Checklist for a real bikini body: A body and a bikini. Got both? Put the suit on your person and—boom!—bikini body, at your service.


Labeling your body at all, much less in terms of an article of clothing, is counter-productive says Tracy Stickler, editor-in-chief of Healthline.com. Labels assume there is a “good” or “bad” body or a “right” or “wrong” way to dress said body. In reality all bodies are good bodies. “We need to move beyond labeling our bodies as anything […] and respect our bodies, as is, regardless of the season or what we’re wearing,” she adds. (Labels are not for people but they can be hilarious on inanimate objects, like these 21 hilarious product labels.)


When you hear the phrase “bikini body” or see it on a magazine, it’s never just a statement of fact. More often than not it’s used as a bludgeon for women to punish themselves and their non-perfect bodies with. “The phrase ‘bikini body’ is almost always paired with action items like ‘how to get a…’ or ’10 steps to a…’,” Stickler points out. “Instead of offering yet another reason to diet and exercise our way to Sports Illustrated perfection, let’s move beyond the notion of an ‘ideal body’ and empower one another to #embracethesquish.” Not to mention crash diets don’t work anyhow.


“When we read the words ‘Bikini Body’ in a magazine, we are reading in between the lines that say, ‘I’m not good enough unless I have that body of that girl on the cover’,” explains Robyn Cruze, Eating Recovery Center national recovery advocate. “For me, just the term implies that if I show up as I am, I will be judged and rejected.” And not only does it set you up for feeling less-than, it also gives other people power to judge your body based on that arbitrary standard, making for a vicious cycle of self-hate and public body shaming.


Pick the most beautiful woman you can think of. Now think of a flaw she has. Chances are you can probably think of at least one thing. This thought exercise isn’t to denigrate beautiful women but rather, as Stickler points out, to show that “perfect” simply doesn’t exist. The concept of an ideal body is only good for making women feel bad about themselves so they’ll in turn buy products to “fix” their bodies. Perfectionistic standards have no place in real life (and shouldn’t be in ads either but that’s another argument for another day). And you might be succumbing to this type of thinking more than you think — check out these nine clear signs you’re a perfectionist.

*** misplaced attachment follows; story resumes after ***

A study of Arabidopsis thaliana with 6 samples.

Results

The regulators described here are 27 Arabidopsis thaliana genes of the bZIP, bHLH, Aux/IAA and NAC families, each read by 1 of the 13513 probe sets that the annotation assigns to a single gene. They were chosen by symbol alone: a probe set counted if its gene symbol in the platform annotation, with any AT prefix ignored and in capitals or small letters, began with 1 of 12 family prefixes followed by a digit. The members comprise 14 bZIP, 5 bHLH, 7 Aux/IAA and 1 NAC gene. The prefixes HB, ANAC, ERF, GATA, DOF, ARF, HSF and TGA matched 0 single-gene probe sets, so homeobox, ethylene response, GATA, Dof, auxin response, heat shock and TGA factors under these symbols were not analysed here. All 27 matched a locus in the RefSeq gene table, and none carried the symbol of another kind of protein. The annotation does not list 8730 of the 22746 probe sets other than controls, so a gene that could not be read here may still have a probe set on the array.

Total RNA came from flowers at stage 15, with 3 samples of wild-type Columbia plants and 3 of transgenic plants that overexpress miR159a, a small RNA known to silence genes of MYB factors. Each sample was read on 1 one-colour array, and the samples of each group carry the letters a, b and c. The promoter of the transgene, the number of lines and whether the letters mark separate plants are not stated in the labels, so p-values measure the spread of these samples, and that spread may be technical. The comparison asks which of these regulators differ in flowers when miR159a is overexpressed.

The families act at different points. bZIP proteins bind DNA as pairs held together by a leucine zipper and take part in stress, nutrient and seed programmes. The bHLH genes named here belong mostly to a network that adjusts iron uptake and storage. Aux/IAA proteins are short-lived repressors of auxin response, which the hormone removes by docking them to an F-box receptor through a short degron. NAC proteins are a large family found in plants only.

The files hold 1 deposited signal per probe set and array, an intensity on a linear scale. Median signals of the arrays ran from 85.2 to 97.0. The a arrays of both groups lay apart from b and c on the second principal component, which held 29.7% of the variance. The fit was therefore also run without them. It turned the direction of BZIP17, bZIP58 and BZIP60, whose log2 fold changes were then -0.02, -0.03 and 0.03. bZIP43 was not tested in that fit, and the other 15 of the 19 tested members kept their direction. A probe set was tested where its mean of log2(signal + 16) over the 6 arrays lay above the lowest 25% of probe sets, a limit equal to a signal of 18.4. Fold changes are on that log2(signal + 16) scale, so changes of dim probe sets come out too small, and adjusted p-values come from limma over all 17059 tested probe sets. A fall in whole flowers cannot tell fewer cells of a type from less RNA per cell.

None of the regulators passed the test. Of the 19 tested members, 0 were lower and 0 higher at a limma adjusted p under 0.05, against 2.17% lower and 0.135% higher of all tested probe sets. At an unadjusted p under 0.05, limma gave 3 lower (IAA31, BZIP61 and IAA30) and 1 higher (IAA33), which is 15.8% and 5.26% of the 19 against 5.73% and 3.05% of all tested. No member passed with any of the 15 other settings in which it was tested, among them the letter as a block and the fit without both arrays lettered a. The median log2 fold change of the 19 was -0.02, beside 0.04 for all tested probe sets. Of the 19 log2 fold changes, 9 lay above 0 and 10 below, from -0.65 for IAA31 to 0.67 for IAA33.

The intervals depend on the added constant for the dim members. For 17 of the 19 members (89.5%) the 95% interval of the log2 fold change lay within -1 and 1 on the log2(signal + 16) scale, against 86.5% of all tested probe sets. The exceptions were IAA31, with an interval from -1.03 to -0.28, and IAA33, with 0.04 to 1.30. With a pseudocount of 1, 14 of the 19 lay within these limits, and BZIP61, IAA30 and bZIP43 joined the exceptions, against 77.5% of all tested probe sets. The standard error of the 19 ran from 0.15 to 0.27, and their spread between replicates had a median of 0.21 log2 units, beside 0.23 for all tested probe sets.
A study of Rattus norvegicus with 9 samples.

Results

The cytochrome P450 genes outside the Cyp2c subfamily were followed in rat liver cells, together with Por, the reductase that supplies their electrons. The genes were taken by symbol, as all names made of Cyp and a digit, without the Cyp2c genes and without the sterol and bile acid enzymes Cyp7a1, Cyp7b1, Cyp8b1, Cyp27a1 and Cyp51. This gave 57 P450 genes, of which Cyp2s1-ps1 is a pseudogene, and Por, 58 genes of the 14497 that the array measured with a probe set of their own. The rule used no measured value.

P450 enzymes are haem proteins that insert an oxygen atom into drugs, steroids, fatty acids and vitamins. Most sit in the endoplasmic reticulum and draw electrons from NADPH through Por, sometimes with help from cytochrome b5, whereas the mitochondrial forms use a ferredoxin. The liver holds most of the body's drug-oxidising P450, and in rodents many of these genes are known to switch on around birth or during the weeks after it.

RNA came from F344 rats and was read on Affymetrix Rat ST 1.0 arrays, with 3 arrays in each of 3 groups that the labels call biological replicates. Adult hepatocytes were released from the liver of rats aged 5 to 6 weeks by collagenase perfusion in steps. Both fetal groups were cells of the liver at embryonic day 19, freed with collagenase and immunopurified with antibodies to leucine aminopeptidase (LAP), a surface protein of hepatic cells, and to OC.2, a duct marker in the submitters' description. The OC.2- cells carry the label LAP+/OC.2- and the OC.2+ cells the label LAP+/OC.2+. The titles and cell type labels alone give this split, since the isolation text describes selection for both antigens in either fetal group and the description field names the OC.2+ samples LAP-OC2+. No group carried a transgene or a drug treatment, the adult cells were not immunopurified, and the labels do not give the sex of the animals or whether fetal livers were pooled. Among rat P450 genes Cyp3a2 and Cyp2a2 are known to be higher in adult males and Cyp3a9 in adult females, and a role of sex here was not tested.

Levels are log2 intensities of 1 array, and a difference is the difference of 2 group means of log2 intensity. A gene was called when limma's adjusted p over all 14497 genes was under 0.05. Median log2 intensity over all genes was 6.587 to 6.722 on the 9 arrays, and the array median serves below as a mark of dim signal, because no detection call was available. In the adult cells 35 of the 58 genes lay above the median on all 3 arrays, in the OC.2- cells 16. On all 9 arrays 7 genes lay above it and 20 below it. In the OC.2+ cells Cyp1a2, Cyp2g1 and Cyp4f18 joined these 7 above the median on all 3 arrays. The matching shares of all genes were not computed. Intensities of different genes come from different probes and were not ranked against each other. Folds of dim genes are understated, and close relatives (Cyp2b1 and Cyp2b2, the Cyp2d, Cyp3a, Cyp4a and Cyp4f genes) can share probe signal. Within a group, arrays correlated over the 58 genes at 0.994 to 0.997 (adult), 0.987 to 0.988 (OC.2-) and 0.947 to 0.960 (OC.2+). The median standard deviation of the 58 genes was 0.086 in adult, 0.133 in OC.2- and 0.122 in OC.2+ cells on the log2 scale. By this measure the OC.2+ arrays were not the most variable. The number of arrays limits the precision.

Swimming is great exercise and great fun yet so many women are too scared to get within sight distance of a pool or beach. Why? “The concept of a bikini body perpetuates the belief that there is a body standard that I must conform to in order to feel like I am worthy enough to go to the beach, lake or pool,” Cruze says. But it shouldn’t be society that has the last say about whether or not your body is “good enough” to enjoy the water, she adds. “Only you get to decide—you define your worth,” she says. (And when you do hit the pool, make sure you’re following these 42 safety tips from lifeguards.)


Not everyone will read the phrase “bikini body” and immediately start a crash diet but it happens enough—and the consequences are severe enough—that experts are worried about this kind of messaging. At best, it just makes women feel bad about themselves and at worst these messages can launch a lifetime of harmful habits, including eating disorders. “For those struggling with an eating disorder, they may believe that if they can control their body then that will make them a good person, a better person, and a safe person,” Cruze explains. “It’s a hard sell when trying to convince them otherwise, especially because our culture reflects and encourages unhealthy body messages, along the same lines of that of an eating disorder.”


Many people get trapped in the cycle of thinking that if they can achieve the body of their dreams then they’ll finally feel good about themselves. The reality is the opposite, Cruze says. You learn to love yourself and you’ll naturally want to care for your body in a healthy and happy way. Need some ideas? Try these 30 simple things to boost your confidence instantly. “I think it is unrealistic to think that both women and men, will give up focus on physical aspects and it’s okay to want to feel good and look good in our bodies,” she says. “What’s not okay is the unrealistic cultural gauge of what society tells us we need to look like in order to feel good about ourselves.”


If your mental image of a “bikini body” is of a 20-something, tanned, tall, blonde model then you’re setting yourself up for serious heartache. “The truth is, most people are not born with the genes of today’s models. So no matter what we do, we will not ever look like them,” Cruze says. (Which is why seeing plus-sized models is so good for our mental health.) “For me, it’s recognizing that just like art, bodies come in all shapes, all sizes, all colors. And they’re all beautiful.”


“Our bodies are just one aspect of who we are and should be treated as such,” Cruze says. This means taking some of that time and energy you’ve been putting into worrying about whether or not your body is worthy of a bikini and focusing on all the other beautiful gifts and talents you have. There’s a reason people often appear to become more beautiful the more you get to know them—true beauty radiates from the inside.